Just as there seem to be an infinite number of cuisines you can taste in Hong Kong, so there is a myriad of sweets and desserts to choose from. Both traditional-style Chinese desserts and western/European style pastries seem to be increasingly in vogue, with dessert places popping up on every street. Whether you want traditional English tea or an egg custard tart, they are easily found.
Some of my favorite places to go are the Chinese bakeries, which offer a dazzling array of Chinese-style breads and buns and western-style cream cakes. Hong Kong people seem to prefer a very soft and fluffy white-flour bun (think barbecued pork buns), and they come with every imaginable filling, from sweet coconut to meat and cheese. Some of the combinations like "sausage mayonnaise" or "corn and tuna" seem rather dubious, but there are also wonderful ones like red bean or curry. And they are ridiculously cheap: usually less than a dollar a bun. So it’s easy to stock up on a variety and see which you like best. You will see many people in the these bakeries picking up some buns for an afternoon snack or for breakfast the next morning.
I have to shamefully admit that I am not much of a bread baker, and I have not attempted to reproduce any of these buns. However, if you are so inclined, there are some very detailed recipes on A La Cuisine and Tigers and Strawberries.
Those same people might also pick up a cake in the bakery for dessert in the evening. The Chinese have adapted the Western ideal of layered cream cakes and interpreted it to satisfy their own tastes. Chinese generally have a less intense sweet tooth, so you will rarely see buttercream or "death by chocolate cakes" – instead, there is a marked preference for fresh fruit, light fruit-flavored mousse fillings, and whipped cream frosting. I am also amazed at how these bakeries produce so many of these elegantly constructed cakes and sell them for so little! Particular flavor favorites in Hong Kong are mango, mixed fruit, and chestnut. Note: even the tiramisu has a light, fluffy texture, and the Japanese-style cheesecake, which is airier and more delicate, is also very popular.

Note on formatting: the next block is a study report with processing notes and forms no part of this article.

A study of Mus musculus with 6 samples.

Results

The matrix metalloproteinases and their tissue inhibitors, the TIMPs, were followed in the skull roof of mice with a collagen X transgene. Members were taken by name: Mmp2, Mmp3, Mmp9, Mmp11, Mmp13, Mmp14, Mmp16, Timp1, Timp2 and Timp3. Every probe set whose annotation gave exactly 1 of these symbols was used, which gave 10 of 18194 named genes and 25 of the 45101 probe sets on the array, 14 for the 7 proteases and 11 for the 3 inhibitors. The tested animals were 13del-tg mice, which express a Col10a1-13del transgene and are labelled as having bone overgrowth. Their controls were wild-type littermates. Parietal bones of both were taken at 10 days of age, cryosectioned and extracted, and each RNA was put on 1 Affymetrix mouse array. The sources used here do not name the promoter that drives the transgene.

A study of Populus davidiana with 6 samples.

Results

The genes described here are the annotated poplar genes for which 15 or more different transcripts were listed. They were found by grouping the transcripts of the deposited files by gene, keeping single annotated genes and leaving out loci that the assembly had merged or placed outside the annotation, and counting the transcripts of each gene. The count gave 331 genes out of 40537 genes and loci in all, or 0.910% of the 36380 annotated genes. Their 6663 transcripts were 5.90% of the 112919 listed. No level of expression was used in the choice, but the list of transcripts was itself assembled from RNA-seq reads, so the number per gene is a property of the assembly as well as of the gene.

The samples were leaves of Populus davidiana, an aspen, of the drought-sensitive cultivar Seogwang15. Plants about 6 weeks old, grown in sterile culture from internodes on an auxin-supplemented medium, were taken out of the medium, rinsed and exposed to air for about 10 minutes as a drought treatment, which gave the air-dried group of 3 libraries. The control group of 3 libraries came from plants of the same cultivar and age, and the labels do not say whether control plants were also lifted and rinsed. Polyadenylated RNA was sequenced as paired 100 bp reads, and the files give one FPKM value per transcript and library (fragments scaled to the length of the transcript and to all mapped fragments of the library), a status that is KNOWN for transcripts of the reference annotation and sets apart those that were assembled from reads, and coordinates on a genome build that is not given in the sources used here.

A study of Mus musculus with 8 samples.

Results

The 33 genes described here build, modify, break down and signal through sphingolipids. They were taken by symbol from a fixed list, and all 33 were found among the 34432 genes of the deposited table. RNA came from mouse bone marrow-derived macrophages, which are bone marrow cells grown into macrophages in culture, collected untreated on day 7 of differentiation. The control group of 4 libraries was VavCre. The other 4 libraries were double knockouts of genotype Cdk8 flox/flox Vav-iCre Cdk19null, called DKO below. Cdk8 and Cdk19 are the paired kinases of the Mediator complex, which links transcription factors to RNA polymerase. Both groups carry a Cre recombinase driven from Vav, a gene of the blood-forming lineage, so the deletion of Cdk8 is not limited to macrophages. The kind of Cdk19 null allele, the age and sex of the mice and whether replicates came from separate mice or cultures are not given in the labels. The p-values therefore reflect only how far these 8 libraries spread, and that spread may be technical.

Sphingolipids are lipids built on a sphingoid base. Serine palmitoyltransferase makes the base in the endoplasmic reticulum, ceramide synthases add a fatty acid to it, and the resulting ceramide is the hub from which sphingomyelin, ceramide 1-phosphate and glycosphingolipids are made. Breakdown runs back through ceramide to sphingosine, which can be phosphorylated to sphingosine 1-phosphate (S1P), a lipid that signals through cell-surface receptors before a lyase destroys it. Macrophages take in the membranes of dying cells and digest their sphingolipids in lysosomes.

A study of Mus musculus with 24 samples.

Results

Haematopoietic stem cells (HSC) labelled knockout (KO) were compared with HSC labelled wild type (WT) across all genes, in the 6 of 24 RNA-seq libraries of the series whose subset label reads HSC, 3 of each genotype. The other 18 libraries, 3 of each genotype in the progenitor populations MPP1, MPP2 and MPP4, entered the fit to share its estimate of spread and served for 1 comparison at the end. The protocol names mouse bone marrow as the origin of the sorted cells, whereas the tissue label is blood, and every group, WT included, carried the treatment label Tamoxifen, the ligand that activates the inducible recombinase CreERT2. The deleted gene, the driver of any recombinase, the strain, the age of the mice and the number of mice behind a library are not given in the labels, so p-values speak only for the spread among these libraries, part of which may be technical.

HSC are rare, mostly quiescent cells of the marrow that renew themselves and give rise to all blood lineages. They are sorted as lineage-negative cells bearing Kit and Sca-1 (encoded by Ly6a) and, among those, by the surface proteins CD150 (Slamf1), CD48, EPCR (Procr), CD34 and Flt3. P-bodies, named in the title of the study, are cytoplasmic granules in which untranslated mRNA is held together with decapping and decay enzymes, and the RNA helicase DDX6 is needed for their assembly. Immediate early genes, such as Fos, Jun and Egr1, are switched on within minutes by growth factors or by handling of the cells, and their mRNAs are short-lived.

(Note: the prices on the tags are Hong Kong dollars; HK$12 is about US$1.50!!)
Of course, these bakeries will also carry the famous egg custard tart or dan tat. Just like how Parisians will pride themselves on which pâtisserie they purchase their macarons from, so Hong Kong people also have their favored dan tat places. In keeping with Hong Kong’s never-ending appetite for things new and exciting, there are now multiple versions of the dan tat to suit all tastes. My favorite is still the classic egg custard filling in a puff pastry-like crust: the crust is traditionally made with lard, making it extraordinarily light and crisp, and wonderful contrast to the creamy rich custard. Others prefer the more pâte sucrée-like shortcrust. The fillings, too, vary from classic to vanilla to corn-filled, as shown above in center. The version to the right is the Portuguese version, which comes from Macau, a former Portuguese colony. The custard top is sprinkled with sugar and it is broiled, giving it a crème brûlée-like flavor. Eating a fresh, still warm, dan tat is certainly near the top of my list of best experiences in Hong Kong.
I’m woefully behind in chronicling my Hong Kong experiences, I know. Hopefully I’ll get them wrapped up soon!